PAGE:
If I were to ask you for a game that signifies the arcade racer of the 1980s, what would you say? Perhaps a game that has speed, great music, clever graphics, and above all, a Ferrari Testarossa as the vehicle of choice? If you thought about all these, you were probably thinking about Out Run.
The basic premise is simple enough; get from the starting line to the next checkpoint before the time runs out, and enjoy both the scenery and the music while doing it. Of course it’s not quite so simple, since other traffic and environment obstacles make your driving life a royal pain.
Surroundings are where Out Run really shines, and you’ll be racing through several different vistas on your way to the goal. From asphalt next to the beach to sand dunes, a wasteland, and grassy planes. Some surroundings will add obstacles, like the aforementioned sand dunes. Your speed will vanish fast if the wheels stay too long in the sand, and shifting to low gear will only do so much to mitigate that. Trust me!
The seat was rock hard plastic and the car wasn’t particularly big, but once your butt was firmly planted and a coin was tossed into the slot, it was one fast experience pumped into your senses. Yes, yes, the steering wheel wasn’t as exact as you could have wanted, at least not all the times I played in the arcades, but it was fun as all heck none the less. I mean, the gear shifter actually worked! That was more than enough for a young boy to be enthralled by it all.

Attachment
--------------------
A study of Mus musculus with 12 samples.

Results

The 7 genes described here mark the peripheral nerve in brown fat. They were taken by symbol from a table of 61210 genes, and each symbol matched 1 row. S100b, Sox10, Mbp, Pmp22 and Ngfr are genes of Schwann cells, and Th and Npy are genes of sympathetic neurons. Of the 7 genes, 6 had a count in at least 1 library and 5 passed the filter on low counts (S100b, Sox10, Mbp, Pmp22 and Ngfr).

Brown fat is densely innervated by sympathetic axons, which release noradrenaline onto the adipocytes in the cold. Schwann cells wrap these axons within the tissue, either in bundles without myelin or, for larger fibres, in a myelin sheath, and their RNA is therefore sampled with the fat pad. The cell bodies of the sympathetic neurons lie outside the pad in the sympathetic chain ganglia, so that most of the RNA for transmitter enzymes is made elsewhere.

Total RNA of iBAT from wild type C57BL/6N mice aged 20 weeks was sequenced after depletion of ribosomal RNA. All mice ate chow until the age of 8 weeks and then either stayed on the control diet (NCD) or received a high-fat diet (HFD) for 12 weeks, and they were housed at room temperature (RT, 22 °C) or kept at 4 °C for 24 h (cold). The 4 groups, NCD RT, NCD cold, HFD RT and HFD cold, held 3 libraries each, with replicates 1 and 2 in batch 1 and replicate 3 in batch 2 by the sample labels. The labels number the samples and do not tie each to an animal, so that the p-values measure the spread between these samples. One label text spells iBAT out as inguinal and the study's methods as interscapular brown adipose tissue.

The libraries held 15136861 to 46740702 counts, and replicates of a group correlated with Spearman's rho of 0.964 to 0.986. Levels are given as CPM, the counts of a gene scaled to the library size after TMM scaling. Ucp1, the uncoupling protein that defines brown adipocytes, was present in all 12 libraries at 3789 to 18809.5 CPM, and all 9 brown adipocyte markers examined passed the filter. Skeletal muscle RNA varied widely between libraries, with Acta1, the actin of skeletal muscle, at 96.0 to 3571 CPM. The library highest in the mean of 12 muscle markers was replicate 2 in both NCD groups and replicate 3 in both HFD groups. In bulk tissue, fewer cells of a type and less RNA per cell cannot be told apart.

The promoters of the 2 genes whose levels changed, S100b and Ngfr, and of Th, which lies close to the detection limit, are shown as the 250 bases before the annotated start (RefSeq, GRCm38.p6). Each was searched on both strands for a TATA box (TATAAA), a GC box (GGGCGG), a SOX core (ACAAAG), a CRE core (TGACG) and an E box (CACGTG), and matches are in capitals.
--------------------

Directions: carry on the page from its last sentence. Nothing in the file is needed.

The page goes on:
Fortunately SEGA had the wisdom to spread the gospel of Out Run beyond the arcades, and we soon saw some decent, and some excellent poets to home consoles and home computers. Outstanding entries are the ports to the SEGA Saturn via the SEGA Ages collection, as a bonus in the game Shenmue 2 for the SEGA Dreamcast, and recently a very good 3D variant for the Nintendo 3DS.
There has been some life in the series on this side of the year 2000, but my heart beats for he original and classic. When the speed exceeds 192 km/h and Magical Sound Shower is pumping out of the speakers, the vision of 1986 is as alive as it has ever been.
Swerving from side to side of the road, dodging cars and trucks, staying out of the way of obstacles that litter the sides of the road. All in a days work for an Out Run player.
No matter where you find it, I recommend giving it a shot. The arcade is a solid experience, and if you have a Nintendo 3DS, the port for that system is as good as it gets on the go. For the sense of speed, I’d say Out Run does the job, 3 decades later.